So much talk has preceded Rihanna’s eighth album that it’s left, now it’s finally here, with a lot of walk to walk. Opener ‘Consideration’ delivers from the off, with Rihanna joined by young female R&B singer SZA as she outlines her worth as artist and business asset: “let me cover your shit in glitter, I can make it gold”. Pugnacious but playful, she sets out the new agenda: “Got to do things my own way, darling”. And the message is clear: she’s excelled at being a pro, but now is her time to be an Anti.
And she’s doing it in a new way. The ‘good girl gone bad’ was a hoary old cliche before Rihanna ever came to it, and there’s far less of the try-hard rent-a-rebel here; when she sings “Didn’t they tell you I was a savage / Fuck your white horse and a carriage” on the dark and dangerous trip-hoppy groove of ‘Needed Me’, it’s a chilly, mature Rihanna that speaks, not the nudge-nudge romper of ‘S&M’. The warning of “Don’t get it twisted” also echoes ‘Flawless’ from Beyonce’s self-titled 2012 album, already a hard comparison not to draw. Although Rihanna’s take-me-seriously-as-an-artist record isn’t as decisive a surprise strike as that, it strikes a telling blow with its waywardness.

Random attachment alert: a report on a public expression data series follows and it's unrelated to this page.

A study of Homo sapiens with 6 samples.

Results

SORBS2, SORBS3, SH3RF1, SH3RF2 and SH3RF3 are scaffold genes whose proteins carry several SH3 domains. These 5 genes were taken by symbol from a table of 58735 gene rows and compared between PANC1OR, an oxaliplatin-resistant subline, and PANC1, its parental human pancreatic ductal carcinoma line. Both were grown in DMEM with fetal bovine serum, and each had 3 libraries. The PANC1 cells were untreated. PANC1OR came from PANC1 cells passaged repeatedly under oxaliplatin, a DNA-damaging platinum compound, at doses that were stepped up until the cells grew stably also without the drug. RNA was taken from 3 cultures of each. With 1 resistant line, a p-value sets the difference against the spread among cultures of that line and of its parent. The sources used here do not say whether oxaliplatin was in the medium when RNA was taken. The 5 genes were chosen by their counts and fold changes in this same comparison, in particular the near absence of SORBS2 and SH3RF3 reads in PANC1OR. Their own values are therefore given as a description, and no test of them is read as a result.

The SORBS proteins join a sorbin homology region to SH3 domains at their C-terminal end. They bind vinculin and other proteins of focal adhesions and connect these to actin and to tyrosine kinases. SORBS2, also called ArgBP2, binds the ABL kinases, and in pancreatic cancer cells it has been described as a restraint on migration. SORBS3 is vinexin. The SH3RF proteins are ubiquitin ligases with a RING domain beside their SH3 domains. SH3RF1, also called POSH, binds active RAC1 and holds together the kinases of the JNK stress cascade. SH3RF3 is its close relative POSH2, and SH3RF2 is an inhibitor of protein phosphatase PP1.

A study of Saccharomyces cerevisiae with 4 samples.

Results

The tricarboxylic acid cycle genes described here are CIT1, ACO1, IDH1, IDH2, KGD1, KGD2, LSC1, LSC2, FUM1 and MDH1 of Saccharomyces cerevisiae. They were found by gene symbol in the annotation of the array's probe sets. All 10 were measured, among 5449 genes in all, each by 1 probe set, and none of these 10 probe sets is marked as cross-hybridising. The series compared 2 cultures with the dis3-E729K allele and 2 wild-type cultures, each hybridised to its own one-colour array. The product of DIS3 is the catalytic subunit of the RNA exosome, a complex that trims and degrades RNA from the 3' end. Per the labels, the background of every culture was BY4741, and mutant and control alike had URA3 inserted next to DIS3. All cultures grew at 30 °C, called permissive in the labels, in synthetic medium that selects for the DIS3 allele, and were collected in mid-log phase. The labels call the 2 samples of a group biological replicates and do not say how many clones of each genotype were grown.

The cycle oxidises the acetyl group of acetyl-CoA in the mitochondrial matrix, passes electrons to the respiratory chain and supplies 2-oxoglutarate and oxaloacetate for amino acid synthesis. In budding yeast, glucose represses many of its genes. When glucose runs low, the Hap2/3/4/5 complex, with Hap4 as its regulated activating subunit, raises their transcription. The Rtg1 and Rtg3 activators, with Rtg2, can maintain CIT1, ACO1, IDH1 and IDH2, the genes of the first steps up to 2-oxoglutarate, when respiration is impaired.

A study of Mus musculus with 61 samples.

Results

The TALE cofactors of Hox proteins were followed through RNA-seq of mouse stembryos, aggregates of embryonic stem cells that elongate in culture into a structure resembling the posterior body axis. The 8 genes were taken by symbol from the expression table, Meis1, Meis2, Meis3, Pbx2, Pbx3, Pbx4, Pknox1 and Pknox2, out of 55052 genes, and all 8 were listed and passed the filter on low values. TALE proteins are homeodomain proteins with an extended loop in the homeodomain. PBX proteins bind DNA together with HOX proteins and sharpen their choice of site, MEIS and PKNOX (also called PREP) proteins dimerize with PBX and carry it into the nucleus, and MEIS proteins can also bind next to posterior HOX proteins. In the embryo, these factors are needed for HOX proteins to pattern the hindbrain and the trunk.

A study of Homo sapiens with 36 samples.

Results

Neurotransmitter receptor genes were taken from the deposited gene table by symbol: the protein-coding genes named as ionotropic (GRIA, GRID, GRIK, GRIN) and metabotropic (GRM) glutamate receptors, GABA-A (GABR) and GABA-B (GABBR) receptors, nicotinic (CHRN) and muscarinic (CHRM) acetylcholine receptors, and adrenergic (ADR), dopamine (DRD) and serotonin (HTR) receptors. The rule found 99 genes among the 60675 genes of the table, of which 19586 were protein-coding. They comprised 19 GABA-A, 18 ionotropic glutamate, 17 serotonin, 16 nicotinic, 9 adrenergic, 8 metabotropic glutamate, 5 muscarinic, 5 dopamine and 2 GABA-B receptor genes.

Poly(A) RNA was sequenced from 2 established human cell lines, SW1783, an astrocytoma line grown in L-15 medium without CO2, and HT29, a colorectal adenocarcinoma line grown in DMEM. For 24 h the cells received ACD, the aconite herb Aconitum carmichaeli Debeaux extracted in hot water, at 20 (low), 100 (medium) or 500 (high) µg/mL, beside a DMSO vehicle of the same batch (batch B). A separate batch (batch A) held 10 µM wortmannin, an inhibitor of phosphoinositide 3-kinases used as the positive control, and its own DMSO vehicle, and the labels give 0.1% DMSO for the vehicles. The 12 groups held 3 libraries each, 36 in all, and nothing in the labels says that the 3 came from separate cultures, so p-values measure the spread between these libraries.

Being defiantly bangerless apart from the weird robot-romping Drake collab ‘Work’, with its addictively slurred vocals, is a statement in itself, and the rest of ‘Anti’ roams free, comfortable enough to leave out big recent singles, to let momentum drop deliciously on ‘Yeah I Said It’’s slow, stoned stretch and her Tame Impala cover ‘Same Old Mistakes’, and to jump around stylistically. There’s many new sides on show here, from the high-drama Princeisms of ‘Kiss It Better’ and the swaggering groove of ‘Desperado’, borrowing the moody backing vocals of Banks’ ‘Waiting Game’, to the brutal lurch of ‘Woo’, and her powerhouse vocal performance on the lush doowop of ‘Love on the Brain’, in which she appears to reference the Chris Brown incident to unsettling effect: “It beats me black and blue but it fucks me so good / And I can’t get enough”.
‘Anti’ is the sort of album that, if you keep listening, will shift favourite tracks and keep revealing new charms. It’s not quite the revelatory departure we might have hoped for, and has the rich but unfocused feel of something worked on perhaps too long with obsessive fervour, but it’s also subtle and interesting; an intriguing soundtrack to an era of change.